University’s award winning ‘contextualised admissions’ scheme allowed me to pursue my dream
When Amanta Cuhaldina passed her A-levels, she was just one grade away from meeting entry requirements for her first choice university course.
She achieved grades of ABB but needed AAB in order to enrol on the MPhysio Sport and Exercise Medicine programme at the University of Bradford.
Thanks to the university’s contextualised admissions programme - also known as the Progression Scheme, Amanta was able to take up an offer to study at the university. She is now excelling in her studies and was recently nominated as ambassador of the year at the Aimhigher Practitioner Awards 2022.
The University won an award for its Progression Scheme at the Levelling Up Awards 2022. On July 4, 2022, Vice-Chancellor Professor Shirley Congdon travelled to London to take part in the launch of the Rt Hon Justine Greening’s Purpose Coalition’s Levelling Up White Paper.
The University is also proud to be taking part in Universities UK’s #GettingResults campaign, which seeks to promote work done to level up the local community.
Amanta (pictured top), 21, who is originally from Latvia - and is fluent in Latvian, Russian (in which she gained an A at A-level) and English - said: “Since the age of about 15, I have been thinking about pursuing a career in physiotherapy. Before doing my A-levels, I had my hopes set on a course at Bradford.”
The former Elliot Hudson College student added: “I benefited from the university’s contextualised admissions scheme based on where I live and the fact it was considered a ‘low participation neighbourhood’. For me, it has been really helpful, because English is not my first language and so I am constantly translating information. Gaining a place at the University of Bradford has been really positive for me and would not have happened were it not for the Progression Scheme.”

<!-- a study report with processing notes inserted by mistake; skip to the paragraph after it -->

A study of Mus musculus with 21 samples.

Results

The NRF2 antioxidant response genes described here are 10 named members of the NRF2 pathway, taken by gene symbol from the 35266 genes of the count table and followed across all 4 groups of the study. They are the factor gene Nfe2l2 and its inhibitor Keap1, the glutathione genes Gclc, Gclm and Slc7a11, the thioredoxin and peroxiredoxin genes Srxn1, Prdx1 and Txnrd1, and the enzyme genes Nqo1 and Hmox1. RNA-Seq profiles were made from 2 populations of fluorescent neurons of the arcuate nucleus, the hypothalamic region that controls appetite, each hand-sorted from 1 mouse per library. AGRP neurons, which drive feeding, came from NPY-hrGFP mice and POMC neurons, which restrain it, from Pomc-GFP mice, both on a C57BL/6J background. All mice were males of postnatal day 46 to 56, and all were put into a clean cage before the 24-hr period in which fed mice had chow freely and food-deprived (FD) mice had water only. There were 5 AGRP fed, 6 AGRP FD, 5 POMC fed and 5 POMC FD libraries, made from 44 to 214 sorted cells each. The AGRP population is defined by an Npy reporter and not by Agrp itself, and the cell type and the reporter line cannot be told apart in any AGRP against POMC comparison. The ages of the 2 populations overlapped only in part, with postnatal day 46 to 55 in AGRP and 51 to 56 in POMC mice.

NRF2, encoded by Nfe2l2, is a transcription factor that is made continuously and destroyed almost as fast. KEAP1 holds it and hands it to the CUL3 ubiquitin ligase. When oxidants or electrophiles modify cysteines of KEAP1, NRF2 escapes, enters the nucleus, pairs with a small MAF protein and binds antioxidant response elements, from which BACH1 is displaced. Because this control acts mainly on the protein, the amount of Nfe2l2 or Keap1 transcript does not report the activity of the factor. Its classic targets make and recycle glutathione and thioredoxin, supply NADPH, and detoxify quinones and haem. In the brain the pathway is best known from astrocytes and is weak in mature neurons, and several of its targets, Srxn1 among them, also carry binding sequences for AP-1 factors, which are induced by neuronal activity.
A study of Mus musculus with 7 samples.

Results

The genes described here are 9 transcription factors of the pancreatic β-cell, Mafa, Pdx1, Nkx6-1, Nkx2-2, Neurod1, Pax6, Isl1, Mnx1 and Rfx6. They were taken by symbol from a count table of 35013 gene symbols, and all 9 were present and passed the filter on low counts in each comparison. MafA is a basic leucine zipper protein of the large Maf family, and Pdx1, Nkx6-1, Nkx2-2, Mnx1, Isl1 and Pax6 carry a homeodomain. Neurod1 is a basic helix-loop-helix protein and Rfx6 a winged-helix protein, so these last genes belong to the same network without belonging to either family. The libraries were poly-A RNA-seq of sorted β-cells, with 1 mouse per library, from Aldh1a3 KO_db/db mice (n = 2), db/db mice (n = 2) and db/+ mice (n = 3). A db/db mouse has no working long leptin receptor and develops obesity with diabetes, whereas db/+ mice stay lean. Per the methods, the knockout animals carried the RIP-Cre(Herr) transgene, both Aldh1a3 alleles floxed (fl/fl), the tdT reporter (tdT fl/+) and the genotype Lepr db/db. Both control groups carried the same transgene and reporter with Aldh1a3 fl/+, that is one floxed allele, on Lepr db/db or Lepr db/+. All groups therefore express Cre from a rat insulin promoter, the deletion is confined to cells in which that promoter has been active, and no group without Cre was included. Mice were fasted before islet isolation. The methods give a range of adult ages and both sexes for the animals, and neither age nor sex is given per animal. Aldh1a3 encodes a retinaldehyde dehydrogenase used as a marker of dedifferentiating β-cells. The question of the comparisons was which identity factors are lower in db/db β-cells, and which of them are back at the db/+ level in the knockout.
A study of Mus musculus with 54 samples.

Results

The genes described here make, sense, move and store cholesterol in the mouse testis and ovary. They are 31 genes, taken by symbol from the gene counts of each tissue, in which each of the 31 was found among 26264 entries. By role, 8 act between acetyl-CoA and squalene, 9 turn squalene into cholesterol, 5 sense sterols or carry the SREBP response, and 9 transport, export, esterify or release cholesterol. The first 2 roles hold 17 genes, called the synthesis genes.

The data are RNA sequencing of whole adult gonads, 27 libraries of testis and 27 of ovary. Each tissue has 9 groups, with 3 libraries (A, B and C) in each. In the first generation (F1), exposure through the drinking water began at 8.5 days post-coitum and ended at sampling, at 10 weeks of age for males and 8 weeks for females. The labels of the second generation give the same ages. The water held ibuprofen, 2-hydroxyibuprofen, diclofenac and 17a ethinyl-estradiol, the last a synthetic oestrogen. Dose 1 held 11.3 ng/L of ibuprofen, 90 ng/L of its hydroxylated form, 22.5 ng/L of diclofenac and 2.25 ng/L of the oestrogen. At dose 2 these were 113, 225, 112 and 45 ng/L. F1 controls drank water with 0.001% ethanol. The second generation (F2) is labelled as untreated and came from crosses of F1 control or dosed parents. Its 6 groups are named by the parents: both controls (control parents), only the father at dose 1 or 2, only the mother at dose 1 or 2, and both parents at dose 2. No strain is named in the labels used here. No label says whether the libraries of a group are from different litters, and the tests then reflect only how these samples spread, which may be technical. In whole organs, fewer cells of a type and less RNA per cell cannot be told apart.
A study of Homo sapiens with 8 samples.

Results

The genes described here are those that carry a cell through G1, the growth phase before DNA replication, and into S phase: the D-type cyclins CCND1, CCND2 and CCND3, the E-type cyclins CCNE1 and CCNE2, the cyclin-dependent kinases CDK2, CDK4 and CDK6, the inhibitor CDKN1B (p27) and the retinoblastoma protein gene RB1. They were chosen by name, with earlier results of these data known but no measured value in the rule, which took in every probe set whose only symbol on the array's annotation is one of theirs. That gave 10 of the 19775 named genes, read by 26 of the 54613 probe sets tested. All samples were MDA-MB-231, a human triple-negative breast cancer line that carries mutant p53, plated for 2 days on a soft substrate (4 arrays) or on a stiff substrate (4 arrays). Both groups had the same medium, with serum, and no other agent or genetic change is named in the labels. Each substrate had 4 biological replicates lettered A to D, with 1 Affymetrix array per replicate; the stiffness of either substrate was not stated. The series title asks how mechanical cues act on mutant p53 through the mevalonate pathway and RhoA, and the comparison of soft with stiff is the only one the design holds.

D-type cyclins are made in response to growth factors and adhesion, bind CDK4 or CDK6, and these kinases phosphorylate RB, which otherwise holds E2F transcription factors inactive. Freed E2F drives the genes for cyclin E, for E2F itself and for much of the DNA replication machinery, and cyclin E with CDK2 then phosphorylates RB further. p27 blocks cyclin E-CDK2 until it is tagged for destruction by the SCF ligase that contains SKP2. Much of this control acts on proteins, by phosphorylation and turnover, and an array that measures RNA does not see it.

Below: a student in the School of Management
About the Progression Scheme
The Progression Scheme takes into account an array of information such as an applicant's social and economic circumstances, where they live, together with other contextual information, such as whether they are a care leaver.
In general, it seeks to widen access to higher education by ensuring a range of factors outside the control of applicants do not adversely hinder access to higher education. Based on all this information, some students may receive a reduced offer. Students are also offered the opportunity to attend a variety of events to support their transition to higher education through the scheme, which if completed further reduces their tariff point offer.
Claire Pryke, Associate Director of Outreach, Recruitment and Admissions, said: “The main aim of our Progression Scheme is to ensure access to higher education is opened to a wider group of people. We know factors like entry requirements and financial constraints represent some of the biggest barriers to people entering higher education, but there are also other factors such as age and personal circumstances related to a person’s background.
“Levelling Up is all about ensuring potential students who fall within any of these categories are not otherwise adversely affected by them, at least in terms of applying to enter higher education. We are, therefore, very proud to have been recognised by the Purpose Coalition’s Levelling Up award.”
Levelling Up awards
It is the second Levelling Up award for the university in as many years - in 2021, it won an award for its support services - and is also the latest in a string of accolades for its work on improving people’s social mobility, including topping the Social Mobility Index university rankings table for two years in a row. The University was also named Institution of the Year at the 2021 Aimhigher Awards.
Below: Vice-Chancellor Prof Shirley Congdon (middle), with Rt Hon Justine Greening (right)
The University of Bradford is taking part in a week of campaigning activity to highlight our role in levelling up, boosting economic growth and creating opportunities for everyone to live longer, more fulfilling lives.
As part of Universities UK’s #Getting Results campaign, which promotes the role of universities in the economic and social recovery following the Covid-19 pandemic, a co-ordinated programme of political, media and digital activity will focus on the important difference universities can make to the UK Government’s levelling up agenda through their teaching, research, innovation, and community and business partnerships.
This follows new Higher Education Statistics Agency data showing that graduate start-ups created more than 10,000 new jobs in 2020/21 alone despite the onset of the pandemic. In total, 15,793 active graduate businesses are estimated to have created 46,723 jobs – up from 35,637 jobs in twelve months – as well as new products and services across the country.